If you are considering like many businesses out there to start paid search marketing on platforms like Google AdWords it’s a good idea to get an understanding of the core elements of running an AdWords account. This understanding does not have to be technical as you may decide to have your account managed on your behalf but it’s good to have even a basic level of understanding, so you know where your money is going and if it could be better spent.
I’ve put together this article to help explain what paid search is, how paid search works, why you should target specific traffic and provide a real-world example to show the benefits of becoming more targeted.
Many of the problems that arise from running an AdWords campaign come from poor account management and a lack of understanding regarding the traffic you are targeting. The consequences of not correctly targeting can be costly, both financially and in time.
Paid search traffic is when someone types in for example “health insurance” into Google and then at the top and bottom (correct as of May 2018) there are paid for ad’s above and below the organic search results. If you put a bid on the keyword “Health Insurance” then as long as the bid was high enough, your ad copy is good enough and landing page too then your ad should appear alongside your competitors.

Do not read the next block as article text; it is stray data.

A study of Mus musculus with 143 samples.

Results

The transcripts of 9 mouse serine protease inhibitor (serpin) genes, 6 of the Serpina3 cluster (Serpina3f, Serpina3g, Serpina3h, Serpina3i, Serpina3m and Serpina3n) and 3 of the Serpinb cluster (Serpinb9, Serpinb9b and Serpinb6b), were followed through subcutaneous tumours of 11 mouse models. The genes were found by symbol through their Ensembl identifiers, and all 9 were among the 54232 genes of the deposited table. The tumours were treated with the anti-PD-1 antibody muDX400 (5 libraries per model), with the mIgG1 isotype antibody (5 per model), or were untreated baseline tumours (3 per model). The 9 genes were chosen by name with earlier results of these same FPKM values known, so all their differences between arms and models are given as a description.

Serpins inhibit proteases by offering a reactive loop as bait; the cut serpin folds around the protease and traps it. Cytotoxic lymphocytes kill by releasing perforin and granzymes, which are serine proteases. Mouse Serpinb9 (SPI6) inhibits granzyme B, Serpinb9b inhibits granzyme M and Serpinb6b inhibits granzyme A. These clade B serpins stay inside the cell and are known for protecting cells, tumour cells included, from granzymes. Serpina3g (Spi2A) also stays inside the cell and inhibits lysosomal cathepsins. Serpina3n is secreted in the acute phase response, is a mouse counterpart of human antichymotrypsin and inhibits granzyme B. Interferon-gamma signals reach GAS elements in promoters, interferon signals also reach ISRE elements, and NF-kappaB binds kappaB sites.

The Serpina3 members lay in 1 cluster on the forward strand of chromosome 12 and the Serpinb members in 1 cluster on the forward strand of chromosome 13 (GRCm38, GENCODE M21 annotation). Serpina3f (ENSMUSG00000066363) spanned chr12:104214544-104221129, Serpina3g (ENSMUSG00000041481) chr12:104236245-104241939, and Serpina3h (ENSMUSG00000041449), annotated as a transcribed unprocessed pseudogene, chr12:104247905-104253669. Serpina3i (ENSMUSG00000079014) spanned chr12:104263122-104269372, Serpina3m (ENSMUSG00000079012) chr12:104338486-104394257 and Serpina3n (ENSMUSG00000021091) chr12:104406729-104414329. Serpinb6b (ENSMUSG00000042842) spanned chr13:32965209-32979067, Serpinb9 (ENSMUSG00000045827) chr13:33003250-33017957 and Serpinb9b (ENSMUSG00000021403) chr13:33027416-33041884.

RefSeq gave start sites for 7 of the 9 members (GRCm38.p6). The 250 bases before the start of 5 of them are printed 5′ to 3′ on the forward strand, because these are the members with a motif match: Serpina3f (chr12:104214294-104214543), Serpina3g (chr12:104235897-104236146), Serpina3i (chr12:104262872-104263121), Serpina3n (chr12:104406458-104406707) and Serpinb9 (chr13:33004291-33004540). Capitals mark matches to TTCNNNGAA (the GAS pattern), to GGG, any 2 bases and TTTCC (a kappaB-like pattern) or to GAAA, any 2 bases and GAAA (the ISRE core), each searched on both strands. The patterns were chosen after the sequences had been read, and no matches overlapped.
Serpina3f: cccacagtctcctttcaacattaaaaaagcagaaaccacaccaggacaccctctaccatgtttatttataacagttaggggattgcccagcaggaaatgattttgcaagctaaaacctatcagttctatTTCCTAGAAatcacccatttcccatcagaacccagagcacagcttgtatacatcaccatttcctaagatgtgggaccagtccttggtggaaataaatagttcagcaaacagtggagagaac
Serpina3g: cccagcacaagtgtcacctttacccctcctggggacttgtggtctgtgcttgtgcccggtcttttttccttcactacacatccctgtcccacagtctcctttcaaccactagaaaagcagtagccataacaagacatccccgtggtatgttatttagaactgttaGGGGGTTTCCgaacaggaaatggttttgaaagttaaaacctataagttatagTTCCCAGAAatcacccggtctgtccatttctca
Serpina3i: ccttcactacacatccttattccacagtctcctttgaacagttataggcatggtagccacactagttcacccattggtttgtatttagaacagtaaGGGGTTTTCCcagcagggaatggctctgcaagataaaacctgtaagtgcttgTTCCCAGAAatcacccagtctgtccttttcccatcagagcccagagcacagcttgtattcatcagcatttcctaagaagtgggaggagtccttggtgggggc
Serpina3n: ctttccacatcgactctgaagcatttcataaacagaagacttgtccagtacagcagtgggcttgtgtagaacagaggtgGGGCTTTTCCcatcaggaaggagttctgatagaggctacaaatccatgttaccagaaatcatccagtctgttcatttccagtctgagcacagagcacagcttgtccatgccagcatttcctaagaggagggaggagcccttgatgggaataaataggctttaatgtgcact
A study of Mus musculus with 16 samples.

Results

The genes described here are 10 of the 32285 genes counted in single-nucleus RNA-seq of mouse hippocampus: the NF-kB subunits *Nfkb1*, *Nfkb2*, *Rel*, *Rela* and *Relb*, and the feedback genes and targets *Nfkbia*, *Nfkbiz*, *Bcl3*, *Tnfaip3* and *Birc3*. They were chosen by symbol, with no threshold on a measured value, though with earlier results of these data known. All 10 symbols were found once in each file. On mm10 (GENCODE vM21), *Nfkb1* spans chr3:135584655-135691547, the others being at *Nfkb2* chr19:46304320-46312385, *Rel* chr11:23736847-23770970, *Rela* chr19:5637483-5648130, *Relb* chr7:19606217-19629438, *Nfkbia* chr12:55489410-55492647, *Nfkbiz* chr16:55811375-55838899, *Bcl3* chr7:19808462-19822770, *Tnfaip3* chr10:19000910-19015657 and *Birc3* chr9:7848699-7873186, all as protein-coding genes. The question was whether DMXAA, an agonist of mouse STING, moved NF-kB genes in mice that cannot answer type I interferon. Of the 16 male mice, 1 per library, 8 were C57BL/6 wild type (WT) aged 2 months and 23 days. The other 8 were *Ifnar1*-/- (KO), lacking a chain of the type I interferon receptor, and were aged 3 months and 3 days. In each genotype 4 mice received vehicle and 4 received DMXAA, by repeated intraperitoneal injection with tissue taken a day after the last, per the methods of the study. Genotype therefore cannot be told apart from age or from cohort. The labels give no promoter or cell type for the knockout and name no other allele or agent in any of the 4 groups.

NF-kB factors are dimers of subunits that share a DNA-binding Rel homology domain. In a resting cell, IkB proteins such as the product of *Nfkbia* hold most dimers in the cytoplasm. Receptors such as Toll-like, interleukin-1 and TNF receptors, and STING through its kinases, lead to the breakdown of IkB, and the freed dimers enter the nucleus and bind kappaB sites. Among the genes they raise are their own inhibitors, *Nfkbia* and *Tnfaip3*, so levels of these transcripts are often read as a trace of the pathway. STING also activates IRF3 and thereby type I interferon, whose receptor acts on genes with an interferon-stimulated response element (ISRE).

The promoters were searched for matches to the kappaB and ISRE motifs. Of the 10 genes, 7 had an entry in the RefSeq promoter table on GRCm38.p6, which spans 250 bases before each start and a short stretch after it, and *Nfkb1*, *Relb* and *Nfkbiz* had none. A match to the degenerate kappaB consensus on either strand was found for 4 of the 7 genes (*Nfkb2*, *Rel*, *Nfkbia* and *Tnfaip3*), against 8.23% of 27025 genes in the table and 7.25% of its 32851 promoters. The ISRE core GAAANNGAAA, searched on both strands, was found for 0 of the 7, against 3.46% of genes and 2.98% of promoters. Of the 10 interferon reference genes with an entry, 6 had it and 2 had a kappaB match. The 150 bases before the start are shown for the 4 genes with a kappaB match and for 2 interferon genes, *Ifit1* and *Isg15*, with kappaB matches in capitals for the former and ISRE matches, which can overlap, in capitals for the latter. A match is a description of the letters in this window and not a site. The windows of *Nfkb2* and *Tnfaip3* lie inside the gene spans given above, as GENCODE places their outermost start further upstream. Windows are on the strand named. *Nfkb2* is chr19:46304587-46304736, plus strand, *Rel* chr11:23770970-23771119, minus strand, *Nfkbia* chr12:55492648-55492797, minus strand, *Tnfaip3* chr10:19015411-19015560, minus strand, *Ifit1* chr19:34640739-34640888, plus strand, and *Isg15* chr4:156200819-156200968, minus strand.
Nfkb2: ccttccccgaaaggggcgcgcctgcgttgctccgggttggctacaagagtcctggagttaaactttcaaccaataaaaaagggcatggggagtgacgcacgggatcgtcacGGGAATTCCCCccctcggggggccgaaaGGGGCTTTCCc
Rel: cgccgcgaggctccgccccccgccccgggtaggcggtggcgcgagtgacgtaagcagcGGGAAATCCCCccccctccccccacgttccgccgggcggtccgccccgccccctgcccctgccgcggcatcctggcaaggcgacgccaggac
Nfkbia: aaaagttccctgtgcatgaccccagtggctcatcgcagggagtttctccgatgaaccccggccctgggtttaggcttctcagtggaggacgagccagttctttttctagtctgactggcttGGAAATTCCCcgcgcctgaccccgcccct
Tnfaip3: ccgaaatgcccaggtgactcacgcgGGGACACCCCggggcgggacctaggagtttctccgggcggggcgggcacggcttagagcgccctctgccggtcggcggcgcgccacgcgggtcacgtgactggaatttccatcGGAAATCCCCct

Here I think it is best to use an analogy to explain the reasons why. If you think of your AdWords account as a big trawler ship going out to sea and you have all the gear and staff on board that is costing you money. Morning, noon and night you are casting your huge trawler nets out to capture as much traffic as possible which is great you’ve got a high number of clicks and your click through rate is massive – amazing! But is it?
If you were to audit your AdWords account and see how much of that traffic was “quality traffic” and by quality traffic I mean visitors staying on your site and completing your intended website goals, is this a high number? Often it isn’t. The usual situation is that within those metaphorical nets are tons of old boots (irrelevant keywords), random old ship parts (clicks from countries you do not serve) and much more…
On the reverse, if we look at a spear fisherperson, they have a lean boat with just themselves or a few key people with spears! Although they may not be inundated with fish (web traffic) they know that when they get them it’s what they want and need! How often do you think those fisherpersons pick up old boots and old ship parts? Pretty rarely I would say! So, by looking to run the account like this you can be sure to reduce wasted spend on the visitors that found you by mistake and clicked straight away.
I recently took on a company selling a popular type of clothing to the mass market. After an audit was performed it was clear that the account was being run like a trawler ship with mass nets capturing everything possible and needed the spear approach to turn it around.
The stats below are taken from Jan 2017 compared to Jan 2018 showing the progress and huge savings I have made for the company. You will also see that although I have got more targeted with the traffic I had more clicks for less money and more conversions took place.
And there you have it some compelling reasons to think about how you target your paid traffic and if your picking up too many old boots!